Efforts to reduce drug prices stall amid pharmaceutical lobbying


Prescription drug prices are too high — there is a bipartisan consensus on that much in Washington, as recent estimates suggest that the average American spends about $1,200 on prescription drugs each year.

But ambitious legislation designed to curtail these rising costs is stalled as pharmaceutical companies spend tens of millions of dollars lobbying against the measures.

Drug manufacturers spent $52 million on lobbying in the first quarter of 2019 after spending $169 million on lobbying the previous year. A total of 116 companies and associations have lobbied on behalf of the industry so far in 2019, with 692 individual lobbyists.

The Pharmaceutical Research & Manufacturers of America, a trade group representing three dozen drug companies, was the third-largest lobbying client across all industries during the first quarter of 2019. The group spent $10 million to deploy 163 registered lobbyists, 70 percent of whom have been through the revolving door.

One target of pharmaceutical lobbying was a bill introduced by Sens. John Cornyn (R-Texas) and Richard Blumenthal (D-Conn.) in May. The Affordable Prescriptions for Patients Act would have classified certain patent practices as anticompetitive, making it easier for the Federal Trade Commission to bring lawsuits against drug companies that tried to block out generic alternatives.

An example often cited by proponents of stricter patent regulation is the drug Humira. The drug, which is used to treat several autoimmune diseases including rheumatoid arthritis, was approved for medical use in 2002, and its rights are controlled by the Chicago-based company AbbVie. According to testimony before the Senate Judiciary Committee in May, AbbVie obtained more than 50 new patents on Humira in 2015 and 2016, shortly before it was set to go on the market. The new patents meant that the drug will not face competition from generics in the U.S. until 2023.

“Drug companies have taken advantage of the patent system to maintain their monopoly on certain drugs and prevent generics from coming to market,” Cornyn said in a statement when his office announced the bill. “These tactics mean Americans are forced to pay more for the life-saving medications they need. This bill puts patients first and reforms the system to encourage the availability of cheaper generics.”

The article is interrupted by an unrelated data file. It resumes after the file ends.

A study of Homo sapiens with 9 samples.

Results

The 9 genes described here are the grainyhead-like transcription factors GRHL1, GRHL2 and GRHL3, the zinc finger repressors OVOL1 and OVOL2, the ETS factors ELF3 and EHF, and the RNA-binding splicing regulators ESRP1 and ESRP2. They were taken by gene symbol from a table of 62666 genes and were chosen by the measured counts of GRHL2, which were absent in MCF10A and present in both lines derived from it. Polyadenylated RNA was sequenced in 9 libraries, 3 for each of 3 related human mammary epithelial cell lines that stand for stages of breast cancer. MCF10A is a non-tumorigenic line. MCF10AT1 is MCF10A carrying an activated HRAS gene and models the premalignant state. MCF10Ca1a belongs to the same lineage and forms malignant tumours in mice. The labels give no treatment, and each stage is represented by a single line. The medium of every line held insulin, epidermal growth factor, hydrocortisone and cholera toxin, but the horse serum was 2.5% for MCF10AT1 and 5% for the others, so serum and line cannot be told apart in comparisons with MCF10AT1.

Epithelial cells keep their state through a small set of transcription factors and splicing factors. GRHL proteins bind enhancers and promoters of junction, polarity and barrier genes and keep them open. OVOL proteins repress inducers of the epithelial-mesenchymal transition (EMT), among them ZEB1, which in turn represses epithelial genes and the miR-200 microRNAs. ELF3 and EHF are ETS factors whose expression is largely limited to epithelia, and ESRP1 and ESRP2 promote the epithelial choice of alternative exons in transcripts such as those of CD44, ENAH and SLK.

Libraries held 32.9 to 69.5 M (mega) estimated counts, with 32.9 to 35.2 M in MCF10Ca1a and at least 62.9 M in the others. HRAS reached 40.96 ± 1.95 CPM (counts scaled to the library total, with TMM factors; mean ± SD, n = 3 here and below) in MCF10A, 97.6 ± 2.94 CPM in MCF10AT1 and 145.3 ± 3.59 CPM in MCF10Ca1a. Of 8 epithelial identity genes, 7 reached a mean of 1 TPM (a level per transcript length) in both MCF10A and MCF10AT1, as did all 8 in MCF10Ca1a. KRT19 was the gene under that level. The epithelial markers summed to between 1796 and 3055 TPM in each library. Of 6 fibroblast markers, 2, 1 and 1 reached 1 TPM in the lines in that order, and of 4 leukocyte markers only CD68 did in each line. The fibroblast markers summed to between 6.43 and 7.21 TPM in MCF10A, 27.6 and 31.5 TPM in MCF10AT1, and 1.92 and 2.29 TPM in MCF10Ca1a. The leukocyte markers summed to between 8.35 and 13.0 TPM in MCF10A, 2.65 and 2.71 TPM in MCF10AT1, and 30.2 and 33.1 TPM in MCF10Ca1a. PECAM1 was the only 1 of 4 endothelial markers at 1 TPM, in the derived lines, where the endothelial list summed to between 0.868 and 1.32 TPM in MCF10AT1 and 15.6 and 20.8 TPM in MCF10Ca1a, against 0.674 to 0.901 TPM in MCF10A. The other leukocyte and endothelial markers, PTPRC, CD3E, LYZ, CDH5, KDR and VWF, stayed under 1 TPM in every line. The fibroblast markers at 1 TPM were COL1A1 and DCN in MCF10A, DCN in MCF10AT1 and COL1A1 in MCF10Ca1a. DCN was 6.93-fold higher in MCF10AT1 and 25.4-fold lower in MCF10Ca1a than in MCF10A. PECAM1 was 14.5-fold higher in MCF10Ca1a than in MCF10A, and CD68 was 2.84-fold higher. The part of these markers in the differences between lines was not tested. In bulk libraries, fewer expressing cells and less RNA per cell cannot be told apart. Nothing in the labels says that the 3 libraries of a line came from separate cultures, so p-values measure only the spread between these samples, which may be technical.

Drug manufacturers were particularly concerned about Cornyn and Blumenthal’s bill because of the potential for increased lawsuits, Bloomberg Government reported.

After backlash from the pharmaceutical industry, Cornyn said on Tuesday that the bill would see changes. Bloomberg Government reported that the Texas senator planned to modify the legislation to focus on the powers of the FDA, rather than the potentially stronger enforcement mechanisms of the FTC — a win for drug companies.

A spokeswoman for Cornyn said the changes would be minor.

“One section of the legislation is being modified to give the FDA authority to go after certain abusive behaviors and limit what drug companies can do to wrongfully keep competitors from coming to market,” the spokeswoman said. “There’s more than one way to skin this cat, and this approach will achieve the same goal of lowering prices by giving authority both to the FTC and the FDA. We’re optimistic we can better achieve bipartisan consensus and move the legislation forward in the Senate with this minor change.”

In addition to their vigorous lobbying efforts, drug manufacturers are major campaign donors to politicians on both sides of the aisle. The three biggest pharmaceutical PACs, Pfizer, Amgen and AbbVie, gave more than $2.6 million to federal candidates during the 2018 midterm cycle, including a combined $3,000 to Cornyn. Blumenthal received $7,000 from Pfizer and $1,000 from Amgen during the 2016 cycle, when he was up for reelection.

Pharmaceutical lobbying is likely to continue, as the Affordable Prescriptions for Patients Act was just one bill in a flurry of legislation designed to address high drug costs.

In late May, Sens. Lamar Alexander (R-Tenn.) and Patty Murray (D-Wash.) introduced a more comprehensive bill that targets drug prices as well as other healthcare issues such as surprise billing. Last week, Reps. Hakeem Jeffries (D-N.Y.), Debbie Mucarsel-Powell (D-Fla.), Doug Collins (R-Ga.) and Ben Cline (R-Va.) introduced a bill that seeks to allow for more generics by increasing the burden of proof for companies seeking additional patents on an existing medication.

One notable piece of legislation on drug prices passed in 2018, a bipartisan bill that removed gag clauses for pharmacists, allowing them to tell customers when it is cheaper to pay for prescriptions without using insurance.

Edit 6/19/2019 at 3:52 p.m.: This article has been updated to reflect a statement from a Cornyn spokeswoman.